Law & Order

North Carolina Passes Voter ID Law



The News Observer reported that North Carolina voters will be asked to show photo identification when they go to the polls next year, barring intervention by a court.

The Republican-led legislature took the final step to shrug off Democratic Gov. Roy Cooper’s veto of its photo ID bill, with the House voting 72-40 Wednesday to override after a long debate that touched on the state’s history of voter suppression.

Voter ID laws continue to be a controversial topic.


North Carolina’s Republican-led legislature enacted a new voter ID law on Wednesday, overriding Gov. Roy Cooper’s (D) veto from last week.

Under the new law, voters will be asked for photo identification when they go to the polls starting next year, local outlet the News & Observer reported. Cooper last week vetoed the measure, saying it served to “suppress the rights of minority, poor and elderly voters.”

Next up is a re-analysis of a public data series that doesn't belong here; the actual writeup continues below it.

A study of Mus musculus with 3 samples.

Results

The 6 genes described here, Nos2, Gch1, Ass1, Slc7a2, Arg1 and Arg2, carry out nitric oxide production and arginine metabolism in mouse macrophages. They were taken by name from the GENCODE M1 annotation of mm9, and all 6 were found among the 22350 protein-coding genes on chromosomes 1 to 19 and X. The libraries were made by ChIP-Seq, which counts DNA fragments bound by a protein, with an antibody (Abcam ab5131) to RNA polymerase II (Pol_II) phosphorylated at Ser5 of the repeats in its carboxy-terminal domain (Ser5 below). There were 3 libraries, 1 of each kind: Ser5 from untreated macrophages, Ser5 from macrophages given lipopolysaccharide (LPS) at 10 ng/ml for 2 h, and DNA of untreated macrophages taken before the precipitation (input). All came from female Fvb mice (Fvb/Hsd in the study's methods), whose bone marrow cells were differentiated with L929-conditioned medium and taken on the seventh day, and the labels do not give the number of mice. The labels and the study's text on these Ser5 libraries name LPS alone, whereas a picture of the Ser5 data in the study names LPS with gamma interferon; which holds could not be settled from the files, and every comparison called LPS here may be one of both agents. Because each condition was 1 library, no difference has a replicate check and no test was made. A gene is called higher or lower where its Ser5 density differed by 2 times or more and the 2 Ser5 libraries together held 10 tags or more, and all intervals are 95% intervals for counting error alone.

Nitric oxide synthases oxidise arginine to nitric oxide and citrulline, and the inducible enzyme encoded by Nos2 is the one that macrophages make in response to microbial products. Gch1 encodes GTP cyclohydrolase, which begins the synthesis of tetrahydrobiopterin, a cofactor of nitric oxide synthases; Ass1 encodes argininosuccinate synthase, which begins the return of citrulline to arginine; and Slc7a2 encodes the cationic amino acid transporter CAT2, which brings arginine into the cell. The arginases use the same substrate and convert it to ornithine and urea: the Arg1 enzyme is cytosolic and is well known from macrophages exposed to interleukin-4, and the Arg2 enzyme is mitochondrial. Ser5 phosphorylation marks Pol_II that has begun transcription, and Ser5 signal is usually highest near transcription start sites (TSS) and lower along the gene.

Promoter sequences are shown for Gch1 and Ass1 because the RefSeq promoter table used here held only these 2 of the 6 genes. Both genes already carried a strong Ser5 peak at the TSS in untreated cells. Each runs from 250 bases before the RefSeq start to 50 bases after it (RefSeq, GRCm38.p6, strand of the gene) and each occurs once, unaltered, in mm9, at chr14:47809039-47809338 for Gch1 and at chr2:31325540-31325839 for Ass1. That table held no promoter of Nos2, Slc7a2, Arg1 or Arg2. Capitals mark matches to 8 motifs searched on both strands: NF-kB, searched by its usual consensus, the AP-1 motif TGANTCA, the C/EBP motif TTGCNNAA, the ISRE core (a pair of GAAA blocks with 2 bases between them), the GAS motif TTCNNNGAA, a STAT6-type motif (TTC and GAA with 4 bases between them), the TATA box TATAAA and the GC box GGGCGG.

A nonprofit group, the Southern Coalition for Social Justice, after the override vote on Wednesday filed a lawsuit challenging the voter ID law, and the state’s NAACP president said it would announce a lawsuit on Thursday, according to the News & Observer.

The bill says voters must show one of seven types of identification, including military or veteran’s identification cards and student identification cards.

North Carolina Republicans are pushing lame-duck legislation before they are set to lose their super majority next year.
Republicans hold a super majority in both chambers of the General Assembly right now.

Cooper on Tuesday threatened to veto another bill that would restructure the North Carolina election board and allow for a new primary in the state’s disputed 9th Congressional district, according to The Charlotte Observer. Cooper said that he takes issue with a provision that would require any campaign finance investigations from the board to remain confidential.

He has the weekend to make a decision on that bill.

A new election in North Carolina’s 9th District is likely after an avalanche of fraud claims emerged stemming from the alleged illegal collection of absentee ballots and the leak of early votes.